North Korea is conducting biological weapons experiments to test the possibility of loading anthrax-laden warheads on its intercontinental ballistic missiles, it has been reported.

Japan's Asahi newspaper reported citing an unidentified person connected to South Korean intelligence, that North Korea was conducting biological weapons experiments to test the possibility of loading anthrax-laden warheads on its intercontinental ballistic missiles, according to the Daily Mail.

The Asahi report said the US Government was aware of the tests, which were meant to ascertain whether the anthrax bacteria could survive the high temperatures that occur during warheads' re-entry from space.

North Korean leader Kim Jong Un, third from left, and what the North Korean government calls the Hwasong-15 intercontinental ballistic missile. Photo / AP
North Korean leader Kim Jong Un, third from left, and what the North Korean government calls the Hwasong-15 intercontinental ballistic missile. Photo / AP

North Korea vehemently denied the allegation and said it will "take revenge" on the US for saying it is developing biological weapons.


It went on that the more the US "clings" it its anti North Korea stance "the more hardened the determination of our entire military personnel and people to take revenge will be".

The news that North Korea may have been testing anthrax-laden warheads comes as South Korean President Moon Jae-in is seeking to soothe relations with China and the North before the Winter Olympics in South Korea in February.

He suggested he was prepared to postpone military drills with the United States.

 North Korean leader Kim Jong Un. Photo / AP
North Korean leader Kim Jong Un. Photo / AP

Pyongyang sees the joint exercises as preparation for war, while Beijing is still angry about the deployment of a US anti-missile system, commonly known as THAAD, by South Korea.

China believes the system's powerful radar can see far into its territory, but Seoul argues it needs it to guard against the threat posed by North Korea's missile and nuclear programmes.

Seoul has proposed the potential delay in drills to Washington, which was also discussed during a summit last week between Moon and Chinese President Xi Jinping, an official from the presidential Blue House in Seoul said.

China has in the past proposed a "freeze for freeze" arrangement under which North Korea would stop its nuclear and missile tests in exchange for a halt to the exercises. However, Washington has rejected the idea and Pyongyang has shown little interest in negotiations.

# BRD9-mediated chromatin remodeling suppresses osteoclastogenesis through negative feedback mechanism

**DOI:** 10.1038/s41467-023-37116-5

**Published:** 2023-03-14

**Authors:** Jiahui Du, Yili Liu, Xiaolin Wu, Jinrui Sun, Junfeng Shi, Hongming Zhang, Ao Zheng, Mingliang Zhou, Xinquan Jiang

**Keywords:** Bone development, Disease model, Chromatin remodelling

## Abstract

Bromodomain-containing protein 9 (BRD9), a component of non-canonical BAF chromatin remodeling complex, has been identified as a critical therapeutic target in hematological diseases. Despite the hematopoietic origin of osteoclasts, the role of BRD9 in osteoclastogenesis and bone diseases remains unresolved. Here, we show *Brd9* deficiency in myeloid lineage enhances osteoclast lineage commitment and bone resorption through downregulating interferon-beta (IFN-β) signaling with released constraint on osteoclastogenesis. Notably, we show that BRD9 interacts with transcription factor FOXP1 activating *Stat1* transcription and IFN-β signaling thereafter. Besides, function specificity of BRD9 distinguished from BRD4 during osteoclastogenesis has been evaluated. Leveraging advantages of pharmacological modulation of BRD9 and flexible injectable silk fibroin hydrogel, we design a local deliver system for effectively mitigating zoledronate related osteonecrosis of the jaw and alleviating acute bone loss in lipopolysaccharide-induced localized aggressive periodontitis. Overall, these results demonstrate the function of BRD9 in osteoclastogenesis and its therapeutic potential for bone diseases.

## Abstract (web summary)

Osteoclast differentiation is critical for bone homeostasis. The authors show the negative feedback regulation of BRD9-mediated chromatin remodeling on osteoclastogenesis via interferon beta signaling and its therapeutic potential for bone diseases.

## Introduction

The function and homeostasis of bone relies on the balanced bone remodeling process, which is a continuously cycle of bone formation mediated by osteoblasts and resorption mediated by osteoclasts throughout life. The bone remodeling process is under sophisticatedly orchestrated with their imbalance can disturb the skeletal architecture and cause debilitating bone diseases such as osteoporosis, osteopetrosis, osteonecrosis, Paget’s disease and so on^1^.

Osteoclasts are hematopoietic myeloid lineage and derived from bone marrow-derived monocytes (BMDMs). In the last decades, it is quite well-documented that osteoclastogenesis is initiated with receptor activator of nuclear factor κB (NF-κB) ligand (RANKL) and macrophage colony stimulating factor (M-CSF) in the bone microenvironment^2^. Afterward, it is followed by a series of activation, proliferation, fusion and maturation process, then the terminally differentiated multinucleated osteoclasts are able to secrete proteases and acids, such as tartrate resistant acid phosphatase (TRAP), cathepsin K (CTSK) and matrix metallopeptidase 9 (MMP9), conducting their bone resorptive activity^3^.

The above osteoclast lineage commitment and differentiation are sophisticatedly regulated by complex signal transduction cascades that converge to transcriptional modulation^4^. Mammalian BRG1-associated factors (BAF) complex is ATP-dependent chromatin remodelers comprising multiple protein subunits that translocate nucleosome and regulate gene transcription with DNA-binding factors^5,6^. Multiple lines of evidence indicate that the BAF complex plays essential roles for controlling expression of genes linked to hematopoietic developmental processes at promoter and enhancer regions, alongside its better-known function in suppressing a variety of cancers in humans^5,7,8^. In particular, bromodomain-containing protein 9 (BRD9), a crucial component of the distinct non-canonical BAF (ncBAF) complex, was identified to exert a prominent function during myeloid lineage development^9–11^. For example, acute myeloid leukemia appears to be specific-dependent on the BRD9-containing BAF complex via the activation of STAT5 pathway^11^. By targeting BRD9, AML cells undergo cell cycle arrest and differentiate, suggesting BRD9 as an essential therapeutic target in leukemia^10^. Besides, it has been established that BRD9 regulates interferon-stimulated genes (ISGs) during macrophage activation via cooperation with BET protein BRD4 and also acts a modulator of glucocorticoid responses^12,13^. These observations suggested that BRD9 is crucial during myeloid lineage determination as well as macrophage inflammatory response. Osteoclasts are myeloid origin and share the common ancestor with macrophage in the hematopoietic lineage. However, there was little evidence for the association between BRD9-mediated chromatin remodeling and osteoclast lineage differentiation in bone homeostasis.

North Korea has stepped up its missile and nuclear tests to an unprecedented rate this year, and any new provocation from the North would "inevitably have an impact" on the exercises, the Blue House official said.

A Hwasong-15 intercontinental ballistic missile, at an undisclosed location in North Korea. Photo / AP
A Hwasong-15 intercontinental ballistic missile, at an undisclosed location in North Korea. Photo / AP

"It is a display of the president's strong message that North Korea must not conduct any provocation [during the Olympics]," the official told reporters.

North Korea has also been hit with increased international sanctions over its missile and nuclear tests this year.

The United States has given China a draft resolution for tougher UN sanctions on North Korea and is hoping for a quick vote on it by the UN Security Council, a Western diplomat said, however Beijing has yet to sign on.

Details of the draft given to China last week were not immediately available, but the United States is keen to step up global sanctions to pressure North Korea to give up a weapons programme aimed at developing a nuclear-tipped missile capable of hitting the United States.


What is anthrax and how can it be used as a weapon?

Anthrax is a disease caused by the organism bacillus anthracis.

It is possible to use anthrax as a military weapon by placing it in missiles, rockets or bombs.

Anthrax spores could also be released by planes which could spray it over large areas and once present the spores can remain dormant for decades.

Bacillus anthracis, gram-positive spore forming bacteria which cause anthrax and are used as biological weapon. Photo / 123RF
Bacillus anthracis, gram-positive spore forming bacteria which cause anthrax and are used as biological weapon. Photo / 123RF

The deadliness of an anthrax attack depends on the quantity of spores and the effectiveness of a delivery system.

An initial phase of flu-like symptoms can usually last for one to three days, before the patient enters a second phase of high fever, chest pains, severe breathing problems and shock. Death usually follows within two days.


The first mass use of anthrax spores as a weapon in war is said to have taken place during the Japanese occupation of China from 1932 to 1945.

The Japanese allegedly experimented with the use of anthrax and other biological weapons in Manchuria, and some 10,000 deliberately infected prisoners are thought to have died as a result.

Britain experimented with anthrax as a weapon in the 1940s and the US made some for military use in the 1950s and 1960s.

The Soviet Union also weaponised anthrax and Iraq admitted to doing so in 1995.

The World Health Organisation estimated that, should 50kg of anthrax be released from an aircraft over an urban population of five million, there would be 250,000 cases of the disease.